New Program Gives Language Learners a Jumpstart

Danielle McColgan ’14
Contributing Writer

As the nation continues to recognize an increasingly globalizing 21st century, a new international education program has emerged to keep Smith at the forefront of the surge.

Beginning in July, the Office of Nondegree Programs will unveil a pilot program for girls around the world who are still mastering English and are interested in pursuing an undergraduate degree in the United States.

The program seeks to bridge the gap for students who are exceptionally bright, but who want to sharpen their English language and critical thinking skills before navigating the complex discourse of the United States educational system.

This four-week program, designed in partnership with the International Language Institute located in downtown Northampton, will combine English language learning instruction with cultural immersion activities.

According to Sarah Craig, the director of the Office of Nondegree Programs, the typical day of a program participant will include English language instruction in addition to writing and speaking intensive classes designed to enhance students’ critical thinking skills.

“I think that just being in this atmosphere and getting a feel for what it’s like [is helpful]; it’s partially the academics of it and [partially] just getting ready to learn English in this setting,” said Rosamond Hayden ’15, a student worker in the Office of Nondegree Programs. Preparing students to access higher education in the United States is not only about increasing English language skills, but also about enhancing cultural literacy. To address the cultural immersion aspect of the program, Hayden noted that “In the afternoons we’ll encourage students to go downtown, and we’ll take short trips together. On the weekends we will do local excursions.” Visits to New York City, the Berkshires and other northeastern cultural centers will be planned in order to give the students a chance to experience American culture. The students will also have the opportunity to participate in college tours at other schools located in the Northeast, such as Harvard, MIT and the schools in the Five College Consortium.

The program is designed to benefit girls who have mastered the “basics” of the English language and each applicant must include their TOEFL score along with their application. According to Craig, since it is difficult to gain access to the TOEFL test in certain parts of the world, “we decided on using an online application where we ask them to write an essay, and we’re also going to do a Skype interview just to make sure that they’ve mastered the basics.” This, she argued, ensures that all students, regardless of access to TOEFL testing, have an equal chance at gaining admission to the program.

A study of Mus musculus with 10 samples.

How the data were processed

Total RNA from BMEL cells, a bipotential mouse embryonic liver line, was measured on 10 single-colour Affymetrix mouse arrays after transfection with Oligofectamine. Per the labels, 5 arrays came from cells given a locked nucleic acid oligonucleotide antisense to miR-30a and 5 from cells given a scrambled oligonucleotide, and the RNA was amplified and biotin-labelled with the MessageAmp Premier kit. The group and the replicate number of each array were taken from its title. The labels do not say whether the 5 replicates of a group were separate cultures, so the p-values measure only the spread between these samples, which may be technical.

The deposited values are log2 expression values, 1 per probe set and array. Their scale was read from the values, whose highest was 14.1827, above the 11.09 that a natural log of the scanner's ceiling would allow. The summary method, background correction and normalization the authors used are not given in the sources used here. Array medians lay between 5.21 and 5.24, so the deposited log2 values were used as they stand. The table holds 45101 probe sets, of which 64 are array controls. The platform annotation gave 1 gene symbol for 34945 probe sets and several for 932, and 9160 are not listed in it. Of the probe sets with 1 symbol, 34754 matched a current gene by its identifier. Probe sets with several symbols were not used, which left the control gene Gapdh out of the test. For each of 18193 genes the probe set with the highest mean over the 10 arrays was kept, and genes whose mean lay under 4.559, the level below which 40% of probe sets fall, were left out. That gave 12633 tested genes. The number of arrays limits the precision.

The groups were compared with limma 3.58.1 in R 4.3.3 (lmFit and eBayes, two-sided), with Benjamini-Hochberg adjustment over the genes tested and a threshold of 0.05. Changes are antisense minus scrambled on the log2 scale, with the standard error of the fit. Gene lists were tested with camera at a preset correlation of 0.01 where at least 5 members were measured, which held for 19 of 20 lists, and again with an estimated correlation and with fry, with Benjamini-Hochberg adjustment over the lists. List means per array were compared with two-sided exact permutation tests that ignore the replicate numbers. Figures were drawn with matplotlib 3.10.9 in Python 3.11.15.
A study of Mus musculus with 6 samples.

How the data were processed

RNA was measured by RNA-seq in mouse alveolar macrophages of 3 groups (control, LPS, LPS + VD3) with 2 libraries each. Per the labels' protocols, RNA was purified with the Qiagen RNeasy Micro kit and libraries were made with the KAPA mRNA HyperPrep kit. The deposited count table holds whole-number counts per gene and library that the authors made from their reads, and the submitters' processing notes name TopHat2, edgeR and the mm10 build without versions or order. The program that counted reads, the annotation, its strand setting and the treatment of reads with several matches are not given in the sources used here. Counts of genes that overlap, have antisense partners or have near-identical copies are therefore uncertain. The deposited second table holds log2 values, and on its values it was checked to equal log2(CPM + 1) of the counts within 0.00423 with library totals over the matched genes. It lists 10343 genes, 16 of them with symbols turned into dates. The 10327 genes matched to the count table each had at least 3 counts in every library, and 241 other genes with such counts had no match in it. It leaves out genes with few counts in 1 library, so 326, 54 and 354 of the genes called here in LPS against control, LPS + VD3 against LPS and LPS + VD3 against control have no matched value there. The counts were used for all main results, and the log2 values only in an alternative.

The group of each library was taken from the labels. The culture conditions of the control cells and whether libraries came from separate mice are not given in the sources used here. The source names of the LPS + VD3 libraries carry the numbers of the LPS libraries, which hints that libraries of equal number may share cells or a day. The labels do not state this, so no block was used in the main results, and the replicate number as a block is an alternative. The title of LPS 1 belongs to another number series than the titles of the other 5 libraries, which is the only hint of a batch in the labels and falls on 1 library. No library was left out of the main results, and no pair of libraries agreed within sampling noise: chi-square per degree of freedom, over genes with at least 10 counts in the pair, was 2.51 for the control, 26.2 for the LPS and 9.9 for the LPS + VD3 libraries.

Once the students arrive in July, it is hardly difficult to imagine the types of issues that may arise. As they balance working 20 hours a week on English language learning, interacting with other students and Smith staff and navigating the American cultural landscape, issues of homesickness and culture shock may become some students’ reality. As such, ensuring students feel comfortable and supported during their four-week stay in Northampton is a priority of the program.

Smith’s partnership with the International Language Institute serves not only to strengthen the effectiveness of their ELL curriculum, but also to ensure they have staff equipped to deal with students’ personal issues. The Institute focuses on cultural immersion, especially for people who are working in an international context on a short-term basis. The program coordinates have also been closely consulting with Associate Dean of International Students Hyrar Tamzarian to create an effective orientation and support system for students from all backgrounds.

Under Carol Christ’s presidency, Smith has expanded its efforts to become a campus with a global focus. Craig hopes the program will allow Smith to continue this precedent as a leader in global education by encouraging more internationl students to consider. “For someone growing up in China or Qatar, the idea of coming to Smith cold may be just too much,” she said. “But if they came here for four weeks and got to know us and the area, they could turn around and start considering us for undergraduate studies.” The Office of Nondegree Programs has already received inquiries about the program from students in Iraq, Russia and China, and are expecting even more. Indeed, the future of the program seems as bright as its prospective students.